Great piece from this morning’s FT on Obama’s oratory style.

As lawyer, lecturer and politician, Obama’s “certain talent for rhetoric” (as he describes it himself in his second, bestselling memoir of 2006 The Audacity of Hope ) has been what propelled his rise. And his speeches are filled, thrillingly, with highly formal rhetoric of the sort that would be recognisable to ancient philosophers and scholars of the medieval trivium – in which rhetoric, along with grammar and logic, formed one third of an education. He absolutely pours it on. What Obama’s doing is as old as Aristotle – whose Rhetoric set out the ground rules for the art of persuasion four centuries before the birth of Christ.

“Ethos” was the name Aristotle gave to that part of rhetoric that establishes the speaker’s bona fides. “Logos” – or the actual argument – was only one among three of the persuasive appeals; “pathos” – manipulating the audience’s emotions – was just as important. Think of it this way. Ethos: “Buy my old car because I’m Jeremy Clarkson.” Logos: “Buy my old car because yours is broken and mine is the only one on sale.” Pathos: “Buy my old car or I’ll twist the head off this kitten.”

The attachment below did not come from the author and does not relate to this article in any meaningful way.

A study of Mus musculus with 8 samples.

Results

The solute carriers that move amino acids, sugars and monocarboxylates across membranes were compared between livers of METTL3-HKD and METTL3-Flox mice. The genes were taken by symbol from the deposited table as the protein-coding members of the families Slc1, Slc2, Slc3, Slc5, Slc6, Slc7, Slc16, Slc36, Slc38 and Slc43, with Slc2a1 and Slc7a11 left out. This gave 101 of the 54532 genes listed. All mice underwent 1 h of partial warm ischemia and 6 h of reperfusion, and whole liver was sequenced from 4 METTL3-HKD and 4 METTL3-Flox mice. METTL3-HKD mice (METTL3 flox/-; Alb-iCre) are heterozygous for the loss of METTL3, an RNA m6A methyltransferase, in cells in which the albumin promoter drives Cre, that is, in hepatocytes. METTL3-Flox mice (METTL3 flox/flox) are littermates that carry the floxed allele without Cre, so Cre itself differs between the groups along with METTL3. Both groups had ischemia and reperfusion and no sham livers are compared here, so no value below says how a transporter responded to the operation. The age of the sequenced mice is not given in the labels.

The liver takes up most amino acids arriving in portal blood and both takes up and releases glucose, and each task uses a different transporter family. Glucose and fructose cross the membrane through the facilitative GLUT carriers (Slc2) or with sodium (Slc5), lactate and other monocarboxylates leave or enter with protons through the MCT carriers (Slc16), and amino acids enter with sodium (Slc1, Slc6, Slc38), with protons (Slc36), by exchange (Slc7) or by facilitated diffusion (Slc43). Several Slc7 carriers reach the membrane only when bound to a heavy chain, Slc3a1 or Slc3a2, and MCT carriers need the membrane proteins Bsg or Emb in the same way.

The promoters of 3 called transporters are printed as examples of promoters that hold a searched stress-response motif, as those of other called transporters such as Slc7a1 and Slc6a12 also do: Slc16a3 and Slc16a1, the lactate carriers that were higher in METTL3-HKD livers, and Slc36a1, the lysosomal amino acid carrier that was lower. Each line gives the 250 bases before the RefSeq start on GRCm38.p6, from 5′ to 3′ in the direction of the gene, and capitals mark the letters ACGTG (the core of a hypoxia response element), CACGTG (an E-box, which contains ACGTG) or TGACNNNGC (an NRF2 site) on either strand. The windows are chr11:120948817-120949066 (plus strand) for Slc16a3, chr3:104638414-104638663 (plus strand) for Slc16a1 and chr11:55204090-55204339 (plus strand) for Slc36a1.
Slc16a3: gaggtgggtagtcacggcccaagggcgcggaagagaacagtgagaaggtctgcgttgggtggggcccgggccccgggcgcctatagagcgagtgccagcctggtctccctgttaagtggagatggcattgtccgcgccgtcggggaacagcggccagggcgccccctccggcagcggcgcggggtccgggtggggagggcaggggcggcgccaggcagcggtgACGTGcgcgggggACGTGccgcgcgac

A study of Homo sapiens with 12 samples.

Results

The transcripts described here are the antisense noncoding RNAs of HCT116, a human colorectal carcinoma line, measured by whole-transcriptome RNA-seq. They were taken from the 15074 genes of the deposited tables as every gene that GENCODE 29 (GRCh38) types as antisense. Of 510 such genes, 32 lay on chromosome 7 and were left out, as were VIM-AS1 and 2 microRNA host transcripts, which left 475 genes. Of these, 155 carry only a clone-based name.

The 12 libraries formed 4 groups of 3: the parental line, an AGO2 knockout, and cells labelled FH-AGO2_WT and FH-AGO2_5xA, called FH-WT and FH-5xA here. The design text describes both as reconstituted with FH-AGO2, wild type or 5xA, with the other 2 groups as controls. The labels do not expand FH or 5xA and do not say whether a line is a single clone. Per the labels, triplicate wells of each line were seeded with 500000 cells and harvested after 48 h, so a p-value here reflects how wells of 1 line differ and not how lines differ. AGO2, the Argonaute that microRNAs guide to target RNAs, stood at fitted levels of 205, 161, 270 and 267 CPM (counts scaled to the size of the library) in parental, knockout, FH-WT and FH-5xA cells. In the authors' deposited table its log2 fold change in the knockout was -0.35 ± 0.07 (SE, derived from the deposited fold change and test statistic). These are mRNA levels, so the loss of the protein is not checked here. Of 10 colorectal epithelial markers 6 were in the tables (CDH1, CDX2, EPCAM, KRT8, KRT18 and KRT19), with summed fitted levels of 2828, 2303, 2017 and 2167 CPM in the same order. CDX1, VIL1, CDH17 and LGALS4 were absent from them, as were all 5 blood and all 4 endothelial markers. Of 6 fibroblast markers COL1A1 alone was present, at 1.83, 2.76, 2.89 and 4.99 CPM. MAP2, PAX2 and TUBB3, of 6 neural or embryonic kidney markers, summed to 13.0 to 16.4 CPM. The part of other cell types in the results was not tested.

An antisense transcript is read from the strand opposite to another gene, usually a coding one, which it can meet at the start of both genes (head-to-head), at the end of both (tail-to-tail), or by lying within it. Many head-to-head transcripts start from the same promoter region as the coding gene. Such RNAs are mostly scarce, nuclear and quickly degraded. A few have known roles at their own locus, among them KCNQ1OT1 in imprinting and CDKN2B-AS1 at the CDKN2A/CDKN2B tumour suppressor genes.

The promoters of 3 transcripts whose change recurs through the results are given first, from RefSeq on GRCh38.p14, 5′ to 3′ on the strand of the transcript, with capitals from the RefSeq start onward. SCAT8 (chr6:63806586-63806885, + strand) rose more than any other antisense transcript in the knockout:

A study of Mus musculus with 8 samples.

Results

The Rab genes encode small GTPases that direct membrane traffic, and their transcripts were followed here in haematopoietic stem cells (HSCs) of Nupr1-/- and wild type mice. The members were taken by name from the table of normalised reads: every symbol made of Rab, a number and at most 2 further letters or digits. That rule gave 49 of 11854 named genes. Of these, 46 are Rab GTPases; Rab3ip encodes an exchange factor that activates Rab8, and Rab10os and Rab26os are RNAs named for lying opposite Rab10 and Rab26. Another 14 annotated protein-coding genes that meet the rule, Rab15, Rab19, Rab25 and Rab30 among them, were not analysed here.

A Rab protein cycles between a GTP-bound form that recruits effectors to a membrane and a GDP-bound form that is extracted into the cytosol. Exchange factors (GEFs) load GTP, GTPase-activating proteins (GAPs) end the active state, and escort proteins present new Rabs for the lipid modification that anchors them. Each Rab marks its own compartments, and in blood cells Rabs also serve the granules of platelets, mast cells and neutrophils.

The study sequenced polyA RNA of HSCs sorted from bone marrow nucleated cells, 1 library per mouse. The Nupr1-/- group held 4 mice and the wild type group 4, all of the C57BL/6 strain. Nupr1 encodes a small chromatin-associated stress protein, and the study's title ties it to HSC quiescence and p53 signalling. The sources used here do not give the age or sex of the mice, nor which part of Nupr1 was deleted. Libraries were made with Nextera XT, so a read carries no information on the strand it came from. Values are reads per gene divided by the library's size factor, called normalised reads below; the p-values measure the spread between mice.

… ”

Repetition, particularly in the form of anaphora – where a phrase is repeated at the beginning of successive lines – is another of the prime tools of political oratory and one that Obama revels in. His speech at the Iowa caucus on January 3 2008 opened: “You know, they said this time would never come. They said our sights were set too high. They said this country was too divided, too disillusioned to ever come together around a common purpose.”

He went on to declare: “I’ll be a president who finally makes healthcare affordable … I’ll be a president who ends the tax breaks … I’ll be a president who harnesses the ingenuity … I’ll be a president who ends this war in Iraq … ” Then: “This was the moment when … this was the moment when … this was the moment when … ” And, as his speech built to its climax, “Hope is what I saw … Hope is what I heard … Hope is what led a band of colonists to rise up against an empire.”